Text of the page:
Saturday, 27 October 2018

The ALP’s negative gearing policy in the run-up to the 2019 federal election

The other day I had a long Twitter conversation with a person who ended up huffily insisting I refer to him as “professor” because he is an academic at an Australian university. I had merely referred to him by his surname but he evidently though I wasn’t displaying enough deference. His field is one that is completely divorced from the thing we were talking about, which was the ALP’s policy on negative gearing and capital gains tax exemptions. I have seen this person on TV on a panel show and in general he is left-of-centre politically. He is American.

The conversation covered a lot of ground but his main problem with negative gearing seemed to be a belief that people buy properties and leave them unoccupied, so relying merely on the capital gain the property would attract to offset any loss they might incur from eschewing rent. He seems to think that Australians routinely buy properties and leave them empty, thus pushing up rents. But the evidence does not suggest that this practice is at all widespread. In a 2017 story published in Domain, Dr Cameron Murray, an economist specialising in property markets and environmental economics who taught at the time at the University of Queensland, said that out of a total of 9.7 million homes in the country about 300,000 properties were empty at any one time, representing about three percent of the total stock.

There may be many reasons for a home being empty, and it might be completely unrelated to an investor trying to exploit the tax system for personal gain. The property might be left vacant because the owner is intending to sell soon and a vacant possession might be more valuable than a tenanted one. The home might be part of a deceased estate. It may be rented out for part of the year and left vacant for the rest of the time. It might be a holiday home that a family only uses for a month or so during the year. Or it may be owned by someone who is intending to let a family member or friend live there, but in the meantime does not want the problem of having to remove a tenant. There could be any number of reasons for a property lying vacant for an extended period of time. Water usage is the method Murray used to derive his figure. The Australian Bureau of Statistics regularly finds that about 10 percent of properties in the country are vacant on Census night. Again, there are many reasons why this might be the case. So the person I was arguing with has merely taken a single random idea out of thin air and turned it into a primary objection to a policy that has been in place for generations. And he accused me of relying on intuition while insisting that he had evidence.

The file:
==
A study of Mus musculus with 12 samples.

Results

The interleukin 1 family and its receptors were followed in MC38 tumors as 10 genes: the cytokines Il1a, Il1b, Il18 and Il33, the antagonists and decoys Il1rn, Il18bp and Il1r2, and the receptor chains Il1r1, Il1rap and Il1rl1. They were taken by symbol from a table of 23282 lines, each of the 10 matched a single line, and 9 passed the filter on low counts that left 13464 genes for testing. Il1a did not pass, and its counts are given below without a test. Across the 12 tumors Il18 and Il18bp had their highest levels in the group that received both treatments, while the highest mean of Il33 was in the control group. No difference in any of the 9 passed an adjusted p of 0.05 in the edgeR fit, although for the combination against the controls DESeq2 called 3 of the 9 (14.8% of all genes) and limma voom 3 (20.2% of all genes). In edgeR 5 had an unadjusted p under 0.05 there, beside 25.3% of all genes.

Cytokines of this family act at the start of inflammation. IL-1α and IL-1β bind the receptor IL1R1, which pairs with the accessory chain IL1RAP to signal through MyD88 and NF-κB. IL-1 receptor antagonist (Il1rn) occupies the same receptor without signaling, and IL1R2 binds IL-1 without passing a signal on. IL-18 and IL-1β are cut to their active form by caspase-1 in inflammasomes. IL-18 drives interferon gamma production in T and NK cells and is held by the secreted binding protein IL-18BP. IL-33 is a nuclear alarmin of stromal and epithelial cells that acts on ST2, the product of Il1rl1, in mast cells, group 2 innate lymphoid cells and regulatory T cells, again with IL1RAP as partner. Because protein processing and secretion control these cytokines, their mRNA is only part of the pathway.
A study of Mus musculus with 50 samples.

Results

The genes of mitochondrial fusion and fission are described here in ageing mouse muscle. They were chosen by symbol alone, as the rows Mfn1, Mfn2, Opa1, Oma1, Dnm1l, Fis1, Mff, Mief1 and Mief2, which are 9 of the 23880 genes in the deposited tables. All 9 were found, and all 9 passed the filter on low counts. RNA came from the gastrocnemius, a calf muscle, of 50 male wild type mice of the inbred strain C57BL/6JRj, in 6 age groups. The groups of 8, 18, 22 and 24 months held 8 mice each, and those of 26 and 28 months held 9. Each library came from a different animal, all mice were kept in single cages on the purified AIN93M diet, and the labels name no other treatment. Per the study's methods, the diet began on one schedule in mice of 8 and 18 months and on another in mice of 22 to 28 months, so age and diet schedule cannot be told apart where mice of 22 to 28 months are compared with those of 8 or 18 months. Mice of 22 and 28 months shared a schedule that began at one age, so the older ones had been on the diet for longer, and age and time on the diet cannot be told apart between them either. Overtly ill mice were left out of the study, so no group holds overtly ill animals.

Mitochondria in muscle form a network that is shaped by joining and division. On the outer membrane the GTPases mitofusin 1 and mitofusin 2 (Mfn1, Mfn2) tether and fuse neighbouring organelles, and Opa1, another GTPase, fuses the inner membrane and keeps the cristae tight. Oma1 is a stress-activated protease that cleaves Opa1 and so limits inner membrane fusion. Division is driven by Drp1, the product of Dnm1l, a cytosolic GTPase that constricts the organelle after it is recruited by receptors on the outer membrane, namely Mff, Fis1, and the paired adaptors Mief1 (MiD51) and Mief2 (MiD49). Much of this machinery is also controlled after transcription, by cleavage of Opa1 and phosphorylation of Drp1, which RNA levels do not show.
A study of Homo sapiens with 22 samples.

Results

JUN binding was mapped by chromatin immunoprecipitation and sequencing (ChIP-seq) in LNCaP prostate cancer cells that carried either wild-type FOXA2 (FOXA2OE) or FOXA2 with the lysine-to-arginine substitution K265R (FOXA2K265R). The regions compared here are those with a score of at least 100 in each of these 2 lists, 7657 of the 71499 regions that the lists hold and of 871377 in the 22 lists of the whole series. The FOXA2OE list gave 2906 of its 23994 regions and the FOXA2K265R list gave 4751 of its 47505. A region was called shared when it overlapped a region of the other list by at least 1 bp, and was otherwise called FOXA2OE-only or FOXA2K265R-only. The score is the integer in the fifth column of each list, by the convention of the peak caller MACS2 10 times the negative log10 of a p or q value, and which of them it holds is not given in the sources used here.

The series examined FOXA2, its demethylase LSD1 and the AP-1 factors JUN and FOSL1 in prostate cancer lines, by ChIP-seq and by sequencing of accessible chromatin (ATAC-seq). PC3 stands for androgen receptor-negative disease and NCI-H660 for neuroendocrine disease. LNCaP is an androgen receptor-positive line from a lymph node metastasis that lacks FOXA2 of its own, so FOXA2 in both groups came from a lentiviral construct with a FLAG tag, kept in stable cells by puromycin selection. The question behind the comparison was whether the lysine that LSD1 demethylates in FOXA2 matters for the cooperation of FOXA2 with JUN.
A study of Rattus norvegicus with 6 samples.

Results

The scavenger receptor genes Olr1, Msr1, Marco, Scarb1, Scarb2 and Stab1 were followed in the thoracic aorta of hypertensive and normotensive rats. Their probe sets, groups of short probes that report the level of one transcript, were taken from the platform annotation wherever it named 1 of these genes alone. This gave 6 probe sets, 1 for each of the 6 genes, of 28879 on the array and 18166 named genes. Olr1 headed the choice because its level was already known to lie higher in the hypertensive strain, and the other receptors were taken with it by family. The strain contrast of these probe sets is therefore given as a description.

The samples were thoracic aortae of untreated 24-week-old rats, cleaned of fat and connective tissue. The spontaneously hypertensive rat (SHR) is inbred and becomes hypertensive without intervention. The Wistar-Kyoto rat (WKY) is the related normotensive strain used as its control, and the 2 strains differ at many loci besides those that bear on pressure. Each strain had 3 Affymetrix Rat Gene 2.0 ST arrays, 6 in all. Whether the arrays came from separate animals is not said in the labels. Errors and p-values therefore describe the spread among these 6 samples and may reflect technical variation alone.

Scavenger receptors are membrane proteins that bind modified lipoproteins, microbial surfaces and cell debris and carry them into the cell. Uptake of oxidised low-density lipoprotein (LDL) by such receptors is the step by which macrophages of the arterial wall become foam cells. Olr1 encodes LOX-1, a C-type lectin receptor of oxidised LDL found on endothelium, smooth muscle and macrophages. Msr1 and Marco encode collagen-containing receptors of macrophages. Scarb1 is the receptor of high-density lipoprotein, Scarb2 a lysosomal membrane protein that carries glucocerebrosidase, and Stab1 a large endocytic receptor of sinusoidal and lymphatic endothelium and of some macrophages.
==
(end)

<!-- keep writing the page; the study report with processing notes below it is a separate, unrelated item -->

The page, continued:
The Australian Labor Party (ALP) currently has virtually admitted that removing the negative gearing concession for the taxation of income will reduce the amount of housing stock, because it has said it will still allow negative gearing on newly-constructed properties. Party strategists are likely mindful of the rent increases that resulted in the 1990s when an earlier Labor government removed the ability for investors to negatively gear their property costs. At that time, after removing the concession the party quickly put it back in place due to community concerns.

The party has also said that it will reduce the capital gains tax discount, which you can claim for keeping a property for more than one year, from 50 percent to 25 percent. As with the negative gearing policy, for properties owned since before the law change comes into effect the exemption would be grandfathered.

My accountant says that the ALP’s policy will certainly change before or after the election due to pressure from interested parties. He suggests that it is simply too early to say which way the ALP will go on either matter. At present, new housing approvals are down 13 percent on the level they were at the previous year, suggesting that construction of housing is being affected by the current market downturn with less investor interest in new builds, and that as a result there will be a housing shortfall in the medium term that will push up rents.

One thing to keep in mind is that ownership of investment properties in Australia is very widespread. Approximately ten percent of Australians aged 25 and over own at least one investment property, a rate that is much higher than what applies in the US. Australia recently claimed the global mantle for personal wealth, as well, displacing Switzerland. The average Australian is much better-off than the average American.

UPDATE 2 November 2018 8.20am: A subsequent story in the Sydney Morning Herald by journalist Jessica Irvine on negative gearing noted that there are 2.1 million Australians who own at least one investment property, equivalent to 12 percent of the adult population. So my figures in this blogpost were an underestimate.